It’s not that difficult, but this is not an ideal time to germinate Rhubarb seed.
The days are getting shorter and the nights colder and the growing season is quickly coming to an end. So, I’d wait until February to germinate the seed.
The seed should be an open-pollinated variety as they retain the same characteristics as their parents. With hybrid varieties, the characteristics change because of genetic.
Also, Rhubarb started from seed takes a year longer to produce than those planted from division or root clumps
The seed can be sown in individual pots or a flat of commercial potting soil
. I’d pre-moisten the soil before planting. To speed up germination, soak the seed in water for a couple of hours before sowing. This helps break down the large paper like shell that surround the seed.
Planting them in peat pots rather than plastic is recommended as the root ball isn’t disturbed when transplanting. Two to three seeds per pot is the norm. Also, it’s recommended to place the pots on a heating mat.
The bottom heat increases the germination rate.
If you start your seedlings in a flat, the seedlings are transplanted into three or four-inch pots when they’re one to two inches tall. Starting them in a pot will eliminate this step.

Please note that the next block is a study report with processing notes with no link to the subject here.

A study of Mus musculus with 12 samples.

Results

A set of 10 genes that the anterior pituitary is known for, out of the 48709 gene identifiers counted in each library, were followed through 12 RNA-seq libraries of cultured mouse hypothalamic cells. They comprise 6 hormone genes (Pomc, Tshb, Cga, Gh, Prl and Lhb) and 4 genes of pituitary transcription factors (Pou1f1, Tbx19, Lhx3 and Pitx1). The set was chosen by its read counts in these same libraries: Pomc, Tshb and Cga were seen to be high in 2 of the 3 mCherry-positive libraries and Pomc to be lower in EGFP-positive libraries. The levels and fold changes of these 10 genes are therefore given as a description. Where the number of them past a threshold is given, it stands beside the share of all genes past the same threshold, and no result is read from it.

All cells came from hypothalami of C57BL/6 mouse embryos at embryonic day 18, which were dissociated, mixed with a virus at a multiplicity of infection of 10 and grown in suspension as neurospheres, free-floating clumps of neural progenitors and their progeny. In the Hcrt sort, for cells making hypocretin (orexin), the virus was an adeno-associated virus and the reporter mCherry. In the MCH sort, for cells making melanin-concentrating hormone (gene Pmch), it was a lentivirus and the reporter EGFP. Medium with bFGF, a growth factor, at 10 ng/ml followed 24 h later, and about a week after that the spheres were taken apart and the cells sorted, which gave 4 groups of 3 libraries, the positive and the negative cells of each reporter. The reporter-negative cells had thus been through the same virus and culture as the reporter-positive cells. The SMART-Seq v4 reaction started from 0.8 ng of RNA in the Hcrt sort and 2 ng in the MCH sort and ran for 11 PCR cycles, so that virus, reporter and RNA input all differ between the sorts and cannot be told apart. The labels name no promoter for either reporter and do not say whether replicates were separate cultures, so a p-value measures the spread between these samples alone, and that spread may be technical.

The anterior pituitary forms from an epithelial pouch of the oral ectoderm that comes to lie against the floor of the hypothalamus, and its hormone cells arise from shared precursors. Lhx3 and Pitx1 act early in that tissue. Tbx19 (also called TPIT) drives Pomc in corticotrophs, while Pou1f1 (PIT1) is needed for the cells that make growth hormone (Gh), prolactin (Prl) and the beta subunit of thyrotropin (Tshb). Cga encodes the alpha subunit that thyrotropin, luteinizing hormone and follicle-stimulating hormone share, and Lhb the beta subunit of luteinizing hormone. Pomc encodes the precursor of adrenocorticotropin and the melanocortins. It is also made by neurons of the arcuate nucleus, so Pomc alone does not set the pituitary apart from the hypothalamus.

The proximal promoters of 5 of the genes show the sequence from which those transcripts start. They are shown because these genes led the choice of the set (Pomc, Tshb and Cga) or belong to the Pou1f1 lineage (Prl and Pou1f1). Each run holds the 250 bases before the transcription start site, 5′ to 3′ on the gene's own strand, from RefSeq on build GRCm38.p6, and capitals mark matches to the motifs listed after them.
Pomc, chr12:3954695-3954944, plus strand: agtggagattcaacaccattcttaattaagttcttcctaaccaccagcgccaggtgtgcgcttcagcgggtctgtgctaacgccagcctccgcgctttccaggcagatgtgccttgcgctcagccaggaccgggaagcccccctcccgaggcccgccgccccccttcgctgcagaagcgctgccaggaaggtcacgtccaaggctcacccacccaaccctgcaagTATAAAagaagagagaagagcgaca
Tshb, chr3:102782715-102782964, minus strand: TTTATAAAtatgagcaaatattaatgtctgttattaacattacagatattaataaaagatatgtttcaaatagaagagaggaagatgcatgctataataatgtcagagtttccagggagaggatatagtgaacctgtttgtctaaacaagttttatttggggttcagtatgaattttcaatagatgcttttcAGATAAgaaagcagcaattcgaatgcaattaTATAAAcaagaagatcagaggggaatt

The seedlings are ready for the open ground in about twelve weeks. For the average family of four, three to four plants will be plenty.
You should pick a location that gets a half a day of sun preferably morning sun and spaces the plants three feet apart.
The first year after planting allow the stalks to grow and do not harvest. I would pick a small crop the second year. The clumps are divided every four years or when the diameter of the stalks starts to thin. Dividing Rhubarb is done during the winter months. Also, only the stems are edible as the leaves are poisonous if ingested.
We have mushrooms coming up in our lawn. We have been digging them up; however, no sooner than we remove them, then a new crop emerges. Most of them are white, but we’re also getting some patchess of brown mushrooms. Is there anything we can do to prevent them from emerging each year?
We would typically find mushrooms growing in turf where it is continuously moist. It could be on the shady side of a lawn or where water drains after watering.
There are no fungicides that will eradicate the problem.
They only control the current ones and are ineffective in preventing them from returning. Your only solution is to dry the area out between watering, but that may not be practical depending on the set up of your sprinkler system.
An sprinkler system that waters both a sunny and shady area on the same valve is problematical. The other option is to manually remove them or mow them off.
Unfortunately, with the rainy season about to begin the problem is not going to go away anytime soon.